My Latest Obsession
MIDNIGHT MASS on Netflix
Here on the Isle of Glass, we love a good story. I finished watching the 7 episode series Midnight Mass on Netflix on Wednesday night, and I can't stop thinking about it.
For this born-and-raised Catholic girl, there's an immediate draw to a series that addresses faith, especially of the Catholic variety, and twists it to include the supernatural, a vast subject I've studied my entire life. This contemplative series, created by Mike Flanagan (known for his many sinister creations, including The Haunting of Hill House, also on Netflix), confronts questions about the depth of one's faith, the idea and presence of miracles in the modern world, the shadow side of human nature and its repercussions, and other struggles of conscience and choice that all of us deal with in different capacities in our lives. It introduces the viewer to an isolated island community filled with relatable and intriguing characters, and it is through their eyes that we experience the events of the present story that call for reckoning with many aspects of the past. As both a writer and an actor, there is nothing better to me than the opportunity to experience a well-developed character that invites me in and slowly reveals an aching, complicated heart. This show is full of these kinds of characters and their realities, with many scenes of soul-baring conversations and other elements that create tension and chemistry in the overall story. For some viewers, these longer dialogue exchanges and monologues may seem tedious, but for me, they never became so because of the deeper subjects of repentance, love, and faith that they addressed. These are issues I contemplate regularly. Perhaps it's because I'm a minister myself that I feel so strongly connected to Father Paul (Hamish Linklater), the new priest in town who clearly cares and wants to do what's best for the dying fishing community. Perhaps it's because I'm a survivor of abuse that I feel so connected to Erin (Kate Siegel), the young woman who has returned to her hometown after leaving a horrible relationship with the hope of birthing (both literally and figuratively) a new life. And maybe it's because I have regrets of my own that I empathize with Riley (Zach Gilford), a young man that made a terrible mistake and can't forgive himself for it. Along with so many other interesting and vibrant characters, these three build the mystery and the vortex of events and emotions that take us deeper into all the hidden elements of this complicated story.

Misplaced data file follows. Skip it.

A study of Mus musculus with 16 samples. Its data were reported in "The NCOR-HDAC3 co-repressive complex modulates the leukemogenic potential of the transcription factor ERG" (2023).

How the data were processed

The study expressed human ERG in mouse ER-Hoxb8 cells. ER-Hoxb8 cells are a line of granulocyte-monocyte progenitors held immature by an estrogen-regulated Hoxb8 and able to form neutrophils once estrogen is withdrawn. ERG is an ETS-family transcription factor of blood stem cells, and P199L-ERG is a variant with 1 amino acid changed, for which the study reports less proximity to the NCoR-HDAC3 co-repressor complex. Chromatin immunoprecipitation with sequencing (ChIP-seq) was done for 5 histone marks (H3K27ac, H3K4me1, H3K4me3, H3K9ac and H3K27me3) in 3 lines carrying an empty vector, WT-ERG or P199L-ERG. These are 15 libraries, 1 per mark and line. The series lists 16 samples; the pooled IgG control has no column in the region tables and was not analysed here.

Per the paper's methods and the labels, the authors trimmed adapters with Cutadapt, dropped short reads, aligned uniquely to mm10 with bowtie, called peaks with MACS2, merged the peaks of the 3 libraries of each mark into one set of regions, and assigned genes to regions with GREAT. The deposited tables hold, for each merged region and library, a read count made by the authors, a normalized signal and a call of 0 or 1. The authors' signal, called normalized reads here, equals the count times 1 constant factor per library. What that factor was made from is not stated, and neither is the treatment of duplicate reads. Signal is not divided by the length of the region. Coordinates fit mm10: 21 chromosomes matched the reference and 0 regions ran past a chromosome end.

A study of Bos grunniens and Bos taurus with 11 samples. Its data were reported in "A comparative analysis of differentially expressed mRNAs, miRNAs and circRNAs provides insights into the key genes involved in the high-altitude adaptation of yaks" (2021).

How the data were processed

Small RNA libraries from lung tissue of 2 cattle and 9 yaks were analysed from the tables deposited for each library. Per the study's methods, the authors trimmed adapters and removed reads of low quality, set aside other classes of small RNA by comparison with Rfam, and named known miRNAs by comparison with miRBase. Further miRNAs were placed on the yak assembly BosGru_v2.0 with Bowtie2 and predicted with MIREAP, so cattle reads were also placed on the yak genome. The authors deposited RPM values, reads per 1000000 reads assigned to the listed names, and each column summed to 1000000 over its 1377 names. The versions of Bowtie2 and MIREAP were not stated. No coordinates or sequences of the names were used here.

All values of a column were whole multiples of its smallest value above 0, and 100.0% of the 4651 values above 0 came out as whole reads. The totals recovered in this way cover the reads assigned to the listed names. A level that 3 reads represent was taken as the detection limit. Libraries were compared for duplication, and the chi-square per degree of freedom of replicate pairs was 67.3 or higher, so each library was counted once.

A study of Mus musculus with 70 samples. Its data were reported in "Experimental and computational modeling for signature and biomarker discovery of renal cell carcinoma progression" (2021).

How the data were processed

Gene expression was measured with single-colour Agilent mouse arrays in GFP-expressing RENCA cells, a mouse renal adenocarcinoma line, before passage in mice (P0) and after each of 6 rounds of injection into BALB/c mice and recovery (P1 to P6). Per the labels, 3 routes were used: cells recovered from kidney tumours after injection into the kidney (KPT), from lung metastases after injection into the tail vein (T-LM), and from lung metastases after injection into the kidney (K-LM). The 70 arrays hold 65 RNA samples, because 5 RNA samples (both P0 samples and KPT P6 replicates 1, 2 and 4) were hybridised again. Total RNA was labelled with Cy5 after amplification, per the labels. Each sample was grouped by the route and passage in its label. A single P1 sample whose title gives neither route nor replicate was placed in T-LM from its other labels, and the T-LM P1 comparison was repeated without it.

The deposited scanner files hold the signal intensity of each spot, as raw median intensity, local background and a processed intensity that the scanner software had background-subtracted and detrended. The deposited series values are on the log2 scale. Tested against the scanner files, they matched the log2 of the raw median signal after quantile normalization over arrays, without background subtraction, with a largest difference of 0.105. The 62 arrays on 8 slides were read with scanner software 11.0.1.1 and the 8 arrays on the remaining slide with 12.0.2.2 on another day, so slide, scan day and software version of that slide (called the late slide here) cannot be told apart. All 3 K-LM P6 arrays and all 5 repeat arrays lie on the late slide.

I don't want to give away too much here for those that decide they'd like to experience this drama for themselves. It's fair to warn that this series is a slow burner, one that starts at a measured pace and continues it as secrets are revealed little by little, ratcheting up the tension until the middle episodes, where the uneasiness we've been feeling as viewers starts to become more reasonable and even more unsettling. For those with more delicate and/or empathic makeups, this story may hurt your heart and assault your sensitivities. It does come to violence, and you will be scared. But overall, for me, the discoveries that the characters make about themselves over the course of the events -- what mistakes they've made, how deep and real their love for others is, how they feel about death and the afterlife, why they believe what they do, and how they justify their actions -- make the entire journey satisfying and unforgettable. It's the kind of psychological horror that I truly appreciate, and I don't think I've seen another show that has made me think so very hard about religion, faith, and choices as Midnight Mass has.
Highly recommended. If you watch and you'd like to discuss it, please leave a comment. Be sure to mark it with a "spoilers ahead" tag if you reveal any secrets in your comments.
Much love and many blessings to all.